Jeff Bridges stars in "True Grit" which opens nationwide today
How cool is it that within the same week we can see Jeff Bridges as a high-tech Zen master living inside a computer-generated world as well as a barely literate, alcoholic, one-eyed U.S. Marshall prowling post-Civil War Indian Territory? Bridges is experiencing a bit of a Renaissance after scoring Golden Globe, Screen Actors Guild, and Academy Awards for his role as Bad Blake in last year's Crazy Heart and True Grit is an extension of this era that is sure to nab him several more laurels in the upcoming awards season.What's important in looking at the 2010 version of True Grit, is to look at it not as a remake of the 1969 film but a wholly new version of the 1968 novel by Charles Portis. While True Grit (1969) is an enjoyable Western it was a John Wayne Western, and just like any other movie starring the Duke, it could not escape his presence [FYI today TCM is hosting a John Wayne Westerns marathon - all day, including True Grit]. Bridges, although a powerful force on the screen, immerses himself in the role of Reuben J. "Rooster" Cogburn, sublimating his persona for the good of the film. He presents us with a garrulous and occasionally incomprehensible true Westerner - resourceful, dedicated, and with an intractable character.
The funny thing though, is that while "true grit" might be an accurate description of Bridges' character, this story isn't the story of Rooster Cogburn. Rather, it's the story of Mattie Ross, the highly intelligent daughter of of a murder victim who hires Cogburn to go after the killer. Played by Hailee Steinfeld, it is Mattie who is the most unfiltered source of true grit in the film [Steinfeld will be on "Lopez Tonight" tonight at 12am]. Motivated by a steely desire for revenge, Mattie fearlessly outwits the denizens of the frontier town where her father was murdered in order to secure money for her widowed mother as well as the power of the law to track down the murderer, Tom Chaney. Steinfeld, who just turned 14 eleven days ago, is a revelation as the 14 year-old Mattie, delivering every line with the humor and gravity that is the narrative voice of both the book and the film - but especially the humor!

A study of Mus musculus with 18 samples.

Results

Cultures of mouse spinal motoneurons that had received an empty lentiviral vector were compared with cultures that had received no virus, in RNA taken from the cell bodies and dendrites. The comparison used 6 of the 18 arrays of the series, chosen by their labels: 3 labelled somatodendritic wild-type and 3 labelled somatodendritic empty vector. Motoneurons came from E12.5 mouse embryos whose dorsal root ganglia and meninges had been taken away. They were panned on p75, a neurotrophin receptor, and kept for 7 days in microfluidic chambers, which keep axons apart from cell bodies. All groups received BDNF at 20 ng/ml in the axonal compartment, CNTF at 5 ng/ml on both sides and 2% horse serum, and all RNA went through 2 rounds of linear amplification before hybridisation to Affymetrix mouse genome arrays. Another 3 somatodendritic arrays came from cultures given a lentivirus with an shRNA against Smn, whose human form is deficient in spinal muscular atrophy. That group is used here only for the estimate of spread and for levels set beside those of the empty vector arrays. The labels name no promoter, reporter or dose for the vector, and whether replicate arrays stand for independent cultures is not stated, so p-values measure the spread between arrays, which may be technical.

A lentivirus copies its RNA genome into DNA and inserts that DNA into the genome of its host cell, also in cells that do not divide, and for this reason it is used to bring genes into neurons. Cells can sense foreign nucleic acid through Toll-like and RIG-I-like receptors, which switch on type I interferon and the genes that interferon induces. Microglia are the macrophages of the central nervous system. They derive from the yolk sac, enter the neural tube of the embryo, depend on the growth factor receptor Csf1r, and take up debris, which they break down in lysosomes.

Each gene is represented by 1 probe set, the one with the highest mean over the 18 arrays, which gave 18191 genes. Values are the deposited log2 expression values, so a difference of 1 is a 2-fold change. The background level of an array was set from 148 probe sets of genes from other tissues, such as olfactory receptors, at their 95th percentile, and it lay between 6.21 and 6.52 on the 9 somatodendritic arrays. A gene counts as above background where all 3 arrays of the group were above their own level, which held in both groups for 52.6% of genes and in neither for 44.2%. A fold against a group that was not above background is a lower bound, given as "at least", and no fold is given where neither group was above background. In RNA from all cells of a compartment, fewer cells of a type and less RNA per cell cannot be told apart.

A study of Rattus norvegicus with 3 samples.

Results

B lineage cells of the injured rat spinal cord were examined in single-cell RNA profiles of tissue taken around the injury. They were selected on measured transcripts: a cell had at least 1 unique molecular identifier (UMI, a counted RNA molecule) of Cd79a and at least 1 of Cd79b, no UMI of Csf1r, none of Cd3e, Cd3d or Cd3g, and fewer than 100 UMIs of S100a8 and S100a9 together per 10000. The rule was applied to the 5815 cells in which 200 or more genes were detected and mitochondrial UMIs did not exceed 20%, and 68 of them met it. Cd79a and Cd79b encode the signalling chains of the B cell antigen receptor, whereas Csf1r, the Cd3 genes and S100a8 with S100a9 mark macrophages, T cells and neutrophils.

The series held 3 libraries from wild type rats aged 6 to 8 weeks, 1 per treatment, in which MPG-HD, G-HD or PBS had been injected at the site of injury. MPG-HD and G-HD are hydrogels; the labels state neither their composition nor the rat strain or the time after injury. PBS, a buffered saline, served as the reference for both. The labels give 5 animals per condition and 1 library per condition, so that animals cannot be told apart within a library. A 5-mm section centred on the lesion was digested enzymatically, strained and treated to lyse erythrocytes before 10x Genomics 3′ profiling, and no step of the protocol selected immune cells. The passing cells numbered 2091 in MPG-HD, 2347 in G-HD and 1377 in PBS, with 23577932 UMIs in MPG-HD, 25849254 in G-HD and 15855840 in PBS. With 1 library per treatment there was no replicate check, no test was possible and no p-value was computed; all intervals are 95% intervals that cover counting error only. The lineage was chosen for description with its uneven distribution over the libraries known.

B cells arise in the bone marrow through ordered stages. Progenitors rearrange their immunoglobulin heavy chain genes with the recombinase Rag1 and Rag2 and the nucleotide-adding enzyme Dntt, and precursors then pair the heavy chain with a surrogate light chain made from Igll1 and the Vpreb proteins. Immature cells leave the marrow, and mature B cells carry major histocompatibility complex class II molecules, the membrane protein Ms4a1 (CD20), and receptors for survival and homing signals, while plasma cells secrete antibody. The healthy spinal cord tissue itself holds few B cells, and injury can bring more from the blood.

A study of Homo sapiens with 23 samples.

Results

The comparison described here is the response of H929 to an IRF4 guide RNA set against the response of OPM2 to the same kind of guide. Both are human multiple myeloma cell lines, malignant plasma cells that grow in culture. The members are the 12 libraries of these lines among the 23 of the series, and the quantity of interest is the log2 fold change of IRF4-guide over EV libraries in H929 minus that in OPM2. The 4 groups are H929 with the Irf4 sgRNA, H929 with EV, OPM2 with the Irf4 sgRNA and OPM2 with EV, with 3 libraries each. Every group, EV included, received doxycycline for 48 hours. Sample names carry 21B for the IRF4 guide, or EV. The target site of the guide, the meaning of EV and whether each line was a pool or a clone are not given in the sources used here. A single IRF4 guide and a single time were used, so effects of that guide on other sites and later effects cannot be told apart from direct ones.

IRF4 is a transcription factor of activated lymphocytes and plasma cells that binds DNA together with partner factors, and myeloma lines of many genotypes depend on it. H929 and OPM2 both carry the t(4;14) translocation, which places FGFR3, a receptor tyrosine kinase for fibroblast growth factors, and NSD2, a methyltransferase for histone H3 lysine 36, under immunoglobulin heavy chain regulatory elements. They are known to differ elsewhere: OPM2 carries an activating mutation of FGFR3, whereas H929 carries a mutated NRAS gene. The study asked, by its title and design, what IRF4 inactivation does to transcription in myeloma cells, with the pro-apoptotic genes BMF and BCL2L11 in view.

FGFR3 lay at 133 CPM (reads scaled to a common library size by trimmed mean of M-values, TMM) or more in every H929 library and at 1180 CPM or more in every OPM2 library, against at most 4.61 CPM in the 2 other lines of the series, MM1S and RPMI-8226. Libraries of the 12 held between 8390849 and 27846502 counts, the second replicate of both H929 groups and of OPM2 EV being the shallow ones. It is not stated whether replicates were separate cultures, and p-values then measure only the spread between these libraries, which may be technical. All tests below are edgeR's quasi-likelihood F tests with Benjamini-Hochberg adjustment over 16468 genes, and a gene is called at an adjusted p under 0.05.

Rounding out the group of fugitive-hunters is a Texas Ranger by the name of La Boeuf, an almost unrecognizable Matt Damon. Damon significantly adds to the humor with his self-aggrandizing Texas Ranger and of the two men, he perhaps has the better chance of matching wits with the headstrong Mattie. While they might never be a "merry" band of trackers, they develop a kind of respect and camaraderie that will be tested as they hunt down Tom Chaney, an uncivilized beast-man portrayed by Josh Brolin.
Joel and Ethan Coen co-wrote the screenplay, co-produced and co-directed True Grit but it is probably the least "Coen-like" Coen Brothers film we've seen. They stick to the genre and avoid stylistic embellishments either in cinematography or dialogue. For a Western, we were also pleased that the movie didn't overly dwell on the natural landscapes, keeping the camera to closeups and mid-distance shots with few exceptions, as this is a film about a tight group of characters and not the environment in which they operate. It is only near the very end of the film that we see the film shot a bit more lyrically but this occurs after a significant event that we won't spoil for you in this review.
There are many reasons why not everything written in a novel should be brought into the film adaptation of it and the Coen Brothers have perhaps made this mistake in the final 5 minutes of the film. The book is told from the perspective of a much older Mattie Ross and in staying true to the book the Coen brothers introduce her and a myriad of other characters in the final minutes of the film - this was distracting and unnecessary and it broke the focus on our intimate group. For us, the film ended before seeing the older Mattie Ross and that's the way we'd like to remember it. To be sure these last few minutes did not ruin this great movie or overshadow the exceptional performances of the core cast of Hailee Steinfeld, Jeff Bridges, and Matt Damon. True Grit is a great achievement that transcends the genre, making it a must-watch for this holiday season.